Imitation is the sincerest form of flattery? Or is it just plagarism?

I read The Register, but there have been enough times where their reporting is pretty shoddy or outright nuts that I always take what they post with a HUGE grain of salt. That said, I never thought that they might, um, borrow verbage and reporting from something I’ve written. Anyway, from the Sametime news yesterday, my article for Intranet Journal had this to say:

That said, support for rival Microsoft’s instant messaging platform is noticeably absent. When asked if the lack of connectivity to Microsoft’s MSN Messenger service was a technical or political hurdle, Saeedi stated that it was neither.

“These aren’t technical issues or political,” Saeedi said. “These are simply business agreements that we’ve put together with other vendors. We currently have agreements that connect us to the majority of IM users worldwide.”

The quote above and Akiba Saeedi’s response were from a phone interview I did with her. I asked the “technical or political” question, and got the response. And even though I didn’t write it, her response indicated to me that Microsoft didn’t want to play ball, not the other way around. Now she never stated that, and as such, I didn’t write it. To make that assumption is not something I would post as a journalist.

Anyway, in his article entitled IBM Snubs MSN with Sametime Gateway, Bryan Betts wrote this:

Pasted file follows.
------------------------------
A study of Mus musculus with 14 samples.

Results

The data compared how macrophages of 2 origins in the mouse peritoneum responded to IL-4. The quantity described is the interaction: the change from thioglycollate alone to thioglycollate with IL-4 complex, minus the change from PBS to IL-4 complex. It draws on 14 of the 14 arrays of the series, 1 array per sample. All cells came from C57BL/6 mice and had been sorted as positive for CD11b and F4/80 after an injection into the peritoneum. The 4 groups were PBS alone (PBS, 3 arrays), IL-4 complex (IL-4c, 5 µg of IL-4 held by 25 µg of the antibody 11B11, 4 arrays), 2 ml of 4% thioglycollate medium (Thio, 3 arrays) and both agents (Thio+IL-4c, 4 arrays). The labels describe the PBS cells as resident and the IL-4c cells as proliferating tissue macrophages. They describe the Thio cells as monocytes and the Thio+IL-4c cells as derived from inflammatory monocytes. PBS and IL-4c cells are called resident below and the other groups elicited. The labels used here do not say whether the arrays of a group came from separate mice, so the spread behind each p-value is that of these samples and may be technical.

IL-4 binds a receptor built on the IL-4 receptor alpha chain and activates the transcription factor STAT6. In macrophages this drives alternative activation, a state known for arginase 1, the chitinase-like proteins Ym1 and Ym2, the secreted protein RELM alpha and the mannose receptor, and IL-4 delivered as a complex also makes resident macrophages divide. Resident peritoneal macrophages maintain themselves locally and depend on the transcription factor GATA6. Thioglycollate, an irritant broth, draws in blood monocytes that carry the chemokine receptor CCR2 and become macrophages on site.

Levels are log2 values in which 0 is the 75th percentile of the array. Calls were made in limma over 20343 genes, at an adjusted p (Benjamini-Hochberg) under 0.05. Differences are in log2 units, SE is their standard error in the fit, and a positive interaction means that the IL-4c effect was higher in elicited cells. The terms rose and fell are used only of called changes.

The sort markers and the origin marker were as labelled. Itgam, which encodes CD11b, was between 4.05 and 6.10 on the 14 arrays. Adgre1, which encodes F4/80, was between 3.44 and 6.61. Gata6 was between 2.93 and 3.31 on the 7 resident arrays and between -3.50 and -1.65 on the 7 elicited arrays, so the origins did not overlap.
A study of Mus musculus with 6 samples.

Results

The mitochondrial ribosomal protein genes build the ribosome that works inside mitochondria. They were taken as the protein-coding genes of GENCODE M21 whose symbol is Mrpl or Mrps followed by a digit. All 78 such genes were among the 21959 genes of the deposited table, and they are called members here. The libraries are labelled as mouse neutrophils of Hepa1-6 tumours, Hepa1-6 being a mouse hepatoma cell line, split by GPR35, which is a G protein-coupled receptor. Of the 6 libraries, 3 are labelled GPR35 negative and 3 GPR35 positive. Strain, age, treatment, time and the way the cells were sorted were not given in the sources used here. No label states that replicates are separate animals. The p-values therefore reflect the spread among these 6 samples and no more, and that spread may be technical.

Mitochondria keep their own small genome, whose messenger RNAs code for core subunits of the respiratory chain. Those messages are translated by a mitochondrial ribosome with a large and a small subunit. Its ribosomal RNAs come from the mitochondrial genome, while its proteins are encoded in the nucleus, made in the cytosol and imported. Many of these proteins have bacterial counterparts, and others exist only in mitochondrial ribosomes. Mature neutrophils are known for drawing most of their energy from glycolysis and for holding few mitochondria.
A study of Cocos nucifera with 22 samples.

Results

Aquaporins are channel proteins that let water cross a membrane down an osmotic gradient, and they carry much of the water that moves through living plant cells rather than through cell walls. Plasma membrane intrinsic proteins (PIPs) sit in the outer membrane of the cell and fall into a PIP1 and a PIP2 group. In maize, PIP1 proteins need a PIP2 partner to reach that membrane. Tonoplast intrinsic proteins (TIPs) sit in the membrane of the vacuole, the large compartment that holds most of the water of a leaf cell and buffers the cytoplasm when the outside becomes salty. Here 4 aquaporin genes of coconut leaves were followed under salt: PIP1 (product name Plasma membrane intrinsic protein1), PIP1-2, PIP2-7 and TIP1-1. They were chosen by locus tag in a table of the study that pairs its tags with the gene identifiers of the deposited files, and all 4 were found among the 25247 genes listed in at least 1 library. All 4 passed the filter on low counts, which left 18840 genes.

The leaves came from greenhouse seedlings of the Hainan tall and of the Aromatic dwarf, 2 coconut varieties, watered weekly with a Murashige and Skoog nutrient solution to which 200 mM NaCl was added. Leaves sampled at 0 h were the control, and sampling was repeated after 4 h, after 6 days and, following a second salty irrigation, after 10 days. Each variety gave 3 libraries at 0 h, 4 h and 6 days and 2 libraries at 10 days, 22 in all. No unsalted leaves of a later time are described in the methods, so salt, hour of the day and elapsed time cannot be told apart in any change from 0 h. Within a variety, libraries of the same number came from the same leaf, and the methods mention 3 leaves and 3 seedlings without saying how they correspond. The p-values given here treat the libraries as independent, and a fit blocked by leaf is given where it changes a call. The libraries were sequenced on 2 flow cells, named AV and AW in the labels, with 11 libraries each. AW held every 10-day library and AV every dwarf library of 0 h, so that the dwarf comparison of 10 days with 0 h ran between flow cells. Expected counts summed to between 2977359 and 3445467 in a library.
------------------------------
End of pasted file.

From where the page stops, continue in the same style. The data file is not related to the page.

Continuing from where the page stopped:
Conspicuously missing from the compatibility list are MSN Messenger and Microsoft’s Live Communication Server. The snub to Microsoft appears to be a business decision by IBM, not a technical or political issue – IBM obviously reckons it can reach all the business IM users it needs, without involving Redmond.

“Conspicuously missing” instead of “noticeably absent.” “Business decision” instead of “Business agreement,” and “technical or political” is verbatim. My article 12/06/06. His article 12/08/06. What do you think? It’s nice that someone does their reporting by using someone else’s article. Then to top it off, he spins it like IBM are a bunch of bastards. Totally unprofessional. That’s the final straw for El Reg for me.

EDIT: Reading further I noticed that he referenced Trillian and GAIM too, like oh I dunno, I DID. Here’s mine:

The buddy list will show users from all the platforms in a unified list, much like standalone instant messaging clients Trillian or GAIM. The user’s status will show in the client, letting a user know whether a contact is available, away or doesn’t want to be disturbed.

Here’s his:

The gateway allows you to have Sametime, AIM, Yahoo! and GoogleTalk contacts all in one single list, just as you can with third-party IM clients such as Trillian or GAIM.

Nice professional journalism, eh?

EDIT #2: I had read his stuff and become pissed so fast that I didn’t even read it completely through. Here is another example of re-appropriation in the same article. I asked Akiba Saeedi a question in my interview and got this quote:

“Back in the old days, email was proprietary. You could only send within one system. Eventually it became federated and you could email everyone using the same standards. IM will go the same way, and we’re purposely being a leader in that federation.”

Here’s his “reporting:”

IBM likens it to the evolution of email from its proprietary days, when you could only write to other users on the same network, to today’s open network that lets anyone email anyone else.

My article wasn’t a press release for regurgitation. It was my ideas, my interview and my writing. To simply re-write that and pass it off without attribution is something no good journalist would ever do.